Cross-posted from UN Women.
Supported by UN Women and UNICEF Innovation Labs, young people in Kosovo have developed innovative solutions to address violence against women. An initiative that boosts economic opportunities of violence survivors, and an app that educates teenagers about sexual health and rights are making strides.
Harnessing the power of innovation and technology, young people in Kosovo have joined efforts to empower survivors of violence and to educate youth about their sexual health and rights.
The UPSHIFT Social Impact Workshop, organized by UN Women and the Youth for Youth Programme of UNICEF Innovation Labs, as part of the 16 Days of Activism against Gender-Based Violence campaign in November 2016, brought together 45 young Kosovans to generate solutions to some of the most pressing issues of gender equality in their communities. Five winning teams received 2000 Euros each and three months of mentorship with experts to develop their ideas and prototypes. Now some of the ideas are being implemented, and with promising results.
“Made with Love”—a team of young people aged 15-18 years, from Gjakova, western Kosovo— developed an initiative to boost economic opportunities for survivors of domestic violence living in safe houses. The group engaged local organizations in providing trainings to survivors to improve their financial skills and connecting them to local markets. For those who wanted to produce and sell food items, such as sweets and pastries, the initiative provided additional cooking tools, and ingredients. The team also set up stalls to sell the products at various events, where they displayed information and messaging to raise awareness about domestic violence. All proceeds from the sales went directly to the women who produce the goods.
Dhurata Sefa, a Made with Love team member, describes the initiative as “sweet, happy and above all, loving.”
“Every time we visited the safe house, the smiles and the joy on the faces of women and children was indescribable…They were all very grateful and taught us how to appreciate our lives. The whole journey was a lesson for the team,” said Sefa.
The three-month project was so successful that it was extended for another three months and secured the financial support of the Organization for Security and Co-operation in Europe (OSCE) and other donors.
The team has since been invited to several events, such as TEDx Tirana and the Conference for the Security of Women, organized by the United Nations Mission in Kosovo, to talk about the issue and their experience.
Another successful project that came out of the UPSHIFT Social Impact Workshop was “Shnet” (which means “health” in Albanian, the official language of Kosovo). A team of four psychology students from the University of Prishtina built Kosovo’s first digital application that provides free sexuality education for adolescents and youth, aged 13 – 18 years. The project aimed to equip teenagers with accurate information about their bodies and sexual health and rights.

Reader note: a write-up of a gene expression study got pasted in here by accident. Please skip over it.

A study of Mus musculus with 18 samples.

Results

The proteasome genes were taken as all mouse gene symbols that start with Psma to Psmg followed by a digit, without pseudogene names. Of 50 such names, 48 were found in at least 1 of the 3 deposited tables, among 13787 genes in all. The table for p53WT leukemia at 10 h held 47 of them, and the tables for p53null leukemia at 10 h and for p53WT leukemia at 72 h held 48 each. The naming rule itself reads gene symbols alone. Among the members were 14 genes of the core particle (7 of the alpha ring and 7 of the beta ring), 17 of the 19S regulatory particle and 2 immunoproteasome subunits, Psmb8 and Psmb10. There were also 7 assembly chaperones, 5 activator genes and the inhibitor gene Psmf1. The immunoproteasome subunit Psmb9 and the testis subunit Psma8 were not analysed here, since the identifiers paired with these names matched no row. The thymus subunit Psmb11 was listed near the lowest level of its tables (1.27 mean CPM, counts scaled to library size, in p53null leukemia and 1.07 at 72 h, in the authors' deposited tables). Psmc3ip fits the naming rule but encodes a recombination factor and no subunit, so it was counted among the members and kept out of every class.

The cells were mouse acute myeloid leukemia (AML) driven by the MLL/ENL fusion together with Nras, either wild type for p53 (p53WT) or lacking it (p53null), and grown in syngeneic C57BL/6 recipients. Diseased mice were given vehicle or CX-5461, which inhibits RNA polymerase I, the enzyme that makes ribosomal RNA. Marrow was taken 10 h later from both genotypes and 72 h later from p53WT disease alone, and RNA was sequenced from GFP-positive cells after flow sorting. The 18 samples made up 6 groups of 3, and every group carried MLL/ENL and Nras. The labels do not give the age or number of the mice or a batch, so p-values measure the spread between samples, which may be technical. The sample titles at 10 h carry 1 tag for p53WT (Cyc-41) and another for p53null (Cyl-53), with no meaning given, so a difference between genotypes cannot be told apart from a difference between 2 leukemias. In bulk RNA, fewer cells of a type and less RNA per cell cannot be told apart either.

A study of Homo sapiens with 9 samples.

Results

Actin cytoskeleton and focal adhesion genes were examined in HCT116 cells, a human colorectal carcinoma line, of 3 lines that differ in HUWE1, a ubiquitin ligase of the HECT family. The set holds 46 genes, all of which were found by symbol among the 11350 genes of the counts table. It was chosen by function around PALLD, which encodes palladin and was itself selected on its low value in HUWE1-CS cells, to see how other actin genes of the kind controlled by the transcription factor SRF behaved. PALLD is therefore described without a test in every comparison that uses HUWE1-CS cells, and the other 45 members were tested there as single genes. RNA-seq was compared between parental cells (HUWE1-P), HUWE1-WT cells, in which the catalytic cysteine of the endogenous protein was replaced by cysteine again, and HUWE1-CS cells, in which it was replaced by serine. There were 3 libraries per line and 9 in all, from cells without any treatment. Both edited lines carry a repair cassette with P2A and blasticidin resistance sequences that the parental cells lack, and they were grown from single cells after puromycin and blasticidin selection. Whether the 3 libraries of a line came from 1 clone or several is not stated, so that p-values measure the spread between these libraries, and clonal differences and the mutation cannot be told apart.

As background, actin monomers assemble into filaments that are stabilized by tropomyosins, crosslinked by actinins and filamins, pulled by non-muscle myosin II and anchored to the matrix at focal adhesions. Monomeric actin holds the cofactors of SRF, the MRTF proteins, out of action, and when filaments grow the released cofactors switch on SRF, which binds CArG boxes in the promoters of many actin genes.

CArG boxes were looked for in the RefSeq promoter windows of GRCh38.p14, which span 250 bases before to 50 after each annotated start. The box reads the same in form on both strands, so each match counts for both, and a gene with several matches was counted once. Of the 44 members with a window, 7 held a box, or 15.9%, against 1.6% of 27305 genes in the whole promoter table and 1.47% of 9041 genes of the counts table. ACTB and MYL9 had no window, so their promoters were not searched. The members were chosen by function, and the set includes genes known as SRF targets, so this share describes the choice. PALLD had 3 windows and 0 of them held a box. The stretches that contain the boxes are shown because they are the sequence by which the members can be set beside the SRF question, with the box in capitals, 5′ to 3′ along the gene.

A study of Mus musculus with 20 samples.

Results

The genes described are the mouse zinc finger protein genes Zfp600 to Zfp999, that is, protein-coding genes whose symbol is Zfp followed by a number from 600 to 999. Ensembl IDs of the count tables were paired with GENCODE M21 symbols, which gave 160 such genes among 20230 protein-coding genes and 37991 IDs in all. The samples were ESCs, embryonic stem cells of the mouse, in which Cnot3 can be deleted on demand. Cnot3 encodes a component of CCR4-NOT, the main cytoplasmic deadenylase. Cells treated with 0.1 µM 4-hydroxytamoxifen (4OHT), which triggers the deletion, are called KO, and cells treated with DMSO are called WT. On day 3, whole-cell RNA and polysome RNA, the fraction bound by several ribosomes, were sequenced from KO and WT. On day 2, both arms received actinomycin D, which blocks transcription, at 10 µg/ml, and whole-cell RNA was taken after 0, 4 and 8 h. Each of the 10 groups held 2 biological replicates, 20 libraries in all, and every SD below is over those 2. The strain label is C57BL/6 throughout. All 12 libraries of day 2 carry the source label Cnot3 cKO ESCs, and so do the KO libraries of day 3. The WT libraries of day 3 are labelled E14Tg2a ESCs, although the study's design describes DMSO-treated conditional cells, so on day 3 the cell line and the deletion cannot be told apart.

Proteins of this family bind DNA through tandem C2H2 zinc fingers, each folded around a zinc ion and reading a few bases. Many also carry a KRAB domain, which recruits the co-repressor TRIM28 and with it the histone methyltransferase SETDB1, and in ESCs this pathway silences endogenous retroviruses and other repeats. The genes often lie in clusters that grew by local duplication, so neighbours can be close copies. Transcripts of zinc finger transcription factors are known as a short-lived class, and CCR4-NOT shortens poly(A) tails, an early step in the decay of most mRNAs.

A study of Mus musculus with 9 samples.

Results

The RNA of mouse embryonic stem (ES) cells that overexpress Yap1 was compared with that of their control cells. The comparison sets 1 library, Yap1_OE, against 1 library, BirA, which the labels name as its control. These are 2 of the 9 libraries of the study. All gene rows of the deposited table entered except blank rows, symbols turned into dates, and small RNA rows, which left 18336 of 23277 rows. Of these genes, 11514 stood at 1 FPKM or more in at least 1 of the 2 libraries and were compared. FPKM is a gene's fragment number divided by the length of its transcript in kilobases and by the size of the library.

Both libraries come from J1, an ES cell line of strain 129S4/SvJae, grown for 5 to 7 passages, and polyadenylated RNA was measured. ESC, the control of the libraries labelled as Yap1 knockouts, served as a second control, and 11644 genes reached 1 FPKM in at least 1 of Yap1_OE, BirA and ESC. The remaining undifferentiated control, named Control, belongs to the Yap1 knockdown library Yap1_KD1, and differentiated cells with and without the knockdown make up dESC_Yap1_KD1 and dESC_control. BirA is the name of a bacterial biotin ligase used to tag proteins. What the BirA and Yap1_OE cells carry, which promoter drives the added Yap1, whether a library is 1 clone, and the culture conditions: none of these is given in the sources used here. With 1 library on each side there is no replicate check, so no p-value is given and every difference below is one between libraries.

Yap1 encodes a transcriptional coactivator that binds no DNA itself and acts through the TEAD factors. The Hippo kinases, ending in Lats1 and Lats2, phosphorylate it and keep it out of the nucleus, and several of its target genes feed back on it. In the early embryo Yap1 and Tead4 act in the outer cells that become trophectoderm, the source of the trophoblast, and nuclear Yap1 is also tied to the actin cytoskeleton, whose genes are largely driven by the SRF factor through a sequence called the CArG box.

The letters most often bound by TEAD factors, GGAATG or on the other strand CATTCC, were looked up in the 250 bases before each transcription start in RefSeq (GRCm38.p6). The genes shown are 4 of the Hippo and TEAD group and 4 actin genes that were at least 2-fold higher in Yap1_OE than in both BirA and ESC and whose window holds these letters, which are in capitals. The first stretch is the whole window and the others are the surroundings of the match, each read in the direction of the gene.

The Shnet team members faced numerous challenges while developing the app. It wasn’t easy to translate specific terminologies in Albanian and many school administrations were hesitant to support their project. But for the team, the challenges were worth it once they could present the app to students.
“For each of us, it was a new experience, because it was the first time we were creating an app. Knowing that we were creating an educational information tool for adolescents and young people, our sense of responsibility grew even more,” said Dea Rexhepi, a Shnet team member.
Supported by UNICEF Innovation Labs, the application was further developed in close cooperation with Nebula, a software development company in Kosovo. It provides information about various sexual health issues including sexually transmitted diseases, abortion and sexual rights, explained in simple and friendly language. In the last five months, Shnet has been downloaded by over 2000 Android users, who are mainly high school students. The application is free; and available in Albanian, Serbian and English. It has been promoted in schools around Kosovo and on the media, and has received positive feedback and support from students and teachers alike.
“Until now, we discussed sexual issues only with friends and did not have access to accurate information. The application is practical because you can easily download it on your phone. Most importantly, the information is reliable and the app is safe,” said Ema Krasniqi, a high school student from Prishtina.
“UN Women supports young individuals who believe in an equal world and who strive to work towards empowering women and girls in our society. This project shows how young people can lead in raising awareness and knowledge on gender equality and gender-based violence among other youth. With education and knowledge, the harmful attitudes and behaviours that drive this violence and inequality will start to change,” said Linda Sanaja, UN Women project analyst.
Other initiatives emerging from the UPSHIFT Social Impact Workshop include a gender-neutral career counselling programme, which connects young students to internships and apprenticeships, regardless of their gender. Recognizing the cycle of inter-generational poverty among vulnerable women and girls who are cut off from educational and employment opportunities, another team created an educational programne to spread job and skills training information to girls and young women through the school system.